Monday, June 08, 2009
Blackface vs Whiteface
Happy Monday Meltingpot Readers,
Once again I spent my weekend watching a video that I thought was fairly recent, only to find out it was released in 2006. Oops. It's that library thing again.
Actually, it wasn't a movie I watched, it was a television seriesthat appeared on the FX network. The series was called Black.White. and it featured two families, one Black and one White who were transformed through the magic of make-up to look like the opposite race. The Black family became White and the White family became Black. Oh, and through the course of this five-week racial experiment, the two families were forced to live together in the same house to try to help each other navigate the opposite culture.
I actually enjoyed the first six episodes as the families began to try out their new identities and are placed in different environments to see how the "other half" lives. I have to admit the "special effects" of transforming Black to White and vice versa were pretty cool. But then I got frustrated with the show and actually had to fast forward through several scenes because the family members, both the Black ones and the White ones, seemed so one dimensional and stereotypical themselves, I couldn't take it. Where, I began to wonder, did they find these racial guinea pigs?
My biggest beef with the whole set up is that the producers chose such stereotypical "Black" situations to throw the White people into as if poor Black teens who come from broken homes and Black men smoking weed and playing dominoes are representative of THE Black experience in America. Which of course made the middle class White people conclude that 'Gee, Black people are really different and no wonder they're so angry and I guess we'll never, ever really be able to have find common ground.'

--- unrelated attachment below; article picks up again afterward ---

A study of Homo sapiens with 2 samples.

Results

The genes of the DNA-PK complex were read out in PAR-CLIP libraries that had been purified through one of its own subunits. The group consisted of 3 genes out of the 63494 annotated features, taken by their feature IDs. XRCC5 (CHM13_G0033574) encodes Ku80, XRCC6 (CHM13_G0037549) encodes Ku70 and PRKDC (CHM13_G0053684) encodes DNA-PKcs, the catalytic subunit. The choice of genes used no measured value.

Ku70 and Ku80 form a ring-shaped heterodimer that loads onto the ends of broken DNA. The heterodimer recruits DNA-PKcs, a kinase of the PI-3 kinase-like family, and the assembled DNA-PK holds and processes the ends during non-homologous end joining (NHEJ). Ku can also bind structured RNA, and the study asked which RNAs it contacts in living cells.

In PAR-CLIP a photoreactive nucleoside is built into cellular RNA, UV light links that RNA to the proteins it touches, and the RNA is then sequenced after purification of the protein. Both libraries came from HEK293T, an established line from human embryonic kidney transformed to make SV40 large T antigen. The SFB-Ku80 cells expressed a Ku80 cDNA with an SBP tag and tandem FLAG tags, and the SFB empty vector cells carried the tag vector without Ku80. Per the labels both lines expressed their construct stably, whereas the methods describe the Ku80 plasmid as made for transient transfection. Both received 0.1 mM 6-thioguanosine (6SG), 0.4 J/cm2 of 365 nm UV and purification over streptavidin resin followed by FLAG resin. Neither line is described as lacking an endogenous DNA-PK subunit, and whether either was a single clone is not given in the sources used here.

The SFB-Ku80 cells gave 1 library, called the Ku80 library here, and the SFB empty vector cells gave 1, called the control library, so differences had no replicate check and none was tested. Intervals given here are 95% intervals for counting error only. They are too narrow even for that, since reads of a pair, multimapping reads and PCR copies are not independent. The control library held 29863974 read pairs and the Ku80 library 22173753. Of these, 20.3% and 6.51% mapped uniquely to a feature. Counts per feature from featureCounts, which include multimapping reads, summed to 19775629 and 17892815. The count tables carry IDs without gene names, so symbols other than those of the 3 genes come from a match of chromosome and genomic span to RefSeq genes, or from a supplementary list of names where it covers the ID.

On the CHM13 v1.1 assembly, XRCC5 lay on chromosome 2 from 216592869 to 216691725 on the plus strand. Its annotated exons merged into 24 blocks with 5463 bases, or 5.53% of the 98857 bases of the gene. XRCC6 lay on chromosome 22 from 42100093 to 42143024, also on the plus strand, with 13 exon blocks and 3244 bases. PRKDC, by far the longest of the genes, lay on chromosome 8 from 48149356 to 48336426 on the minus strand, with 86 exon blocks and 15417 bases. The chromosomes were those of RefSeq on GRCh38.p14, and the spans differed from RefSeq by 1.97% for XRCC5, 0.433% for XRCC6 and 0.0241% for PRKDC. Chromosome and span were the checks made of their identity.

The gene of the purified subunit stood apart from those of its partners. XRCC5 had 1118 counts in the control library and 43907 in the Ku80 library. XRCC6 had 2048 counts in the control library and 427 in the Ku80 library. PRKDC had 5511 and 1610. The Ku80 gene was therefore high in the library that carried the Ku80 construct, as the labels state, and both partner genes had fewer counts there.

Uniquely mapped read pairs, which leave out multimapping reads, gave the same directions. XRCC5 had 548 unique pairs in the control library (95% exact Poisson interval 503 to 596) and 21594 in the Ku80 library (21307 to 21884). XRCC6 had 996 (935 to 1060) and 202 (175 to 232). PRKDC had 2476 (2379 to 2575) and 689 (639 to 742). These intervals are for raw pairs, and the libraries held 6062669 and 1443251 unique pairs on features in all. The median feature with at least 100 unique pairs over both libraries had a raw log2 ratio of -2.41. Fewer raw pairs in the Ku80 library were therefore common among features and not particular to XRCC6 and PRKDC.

Considering the rapper/actor Ice-Cube was one of the producers, I'm particularly disappointed with the show, because he's a pretty smart and savvy dude with a lot of great ideas and initiatives to tackle racial issues. Of course, as producer he was probably more instead in gripping television drama than true learning, so what are you going to do? (sigh)
Be that as it may, I still enjoyed many parts of the experience and think it could make an excellent teaching tool for high school and college educators who want to dissect race and identity with their students. And the video does come with a discussion guide.
I'm curious if anybody else out there watched this series and what they thought about it. Also, if anyone has heard any follow up about where the families are now, I'd love to hear it. Please share.
And speaking of sharing. The winners of the two autographed copies of Kinky Gazpacho in paperback are: Arienne and Beth. Ladies please send me your mailing address to email@example.com and I'll put those books in the mail. Thanks to everyone who posted. Stay tuned for more giveaways this summer.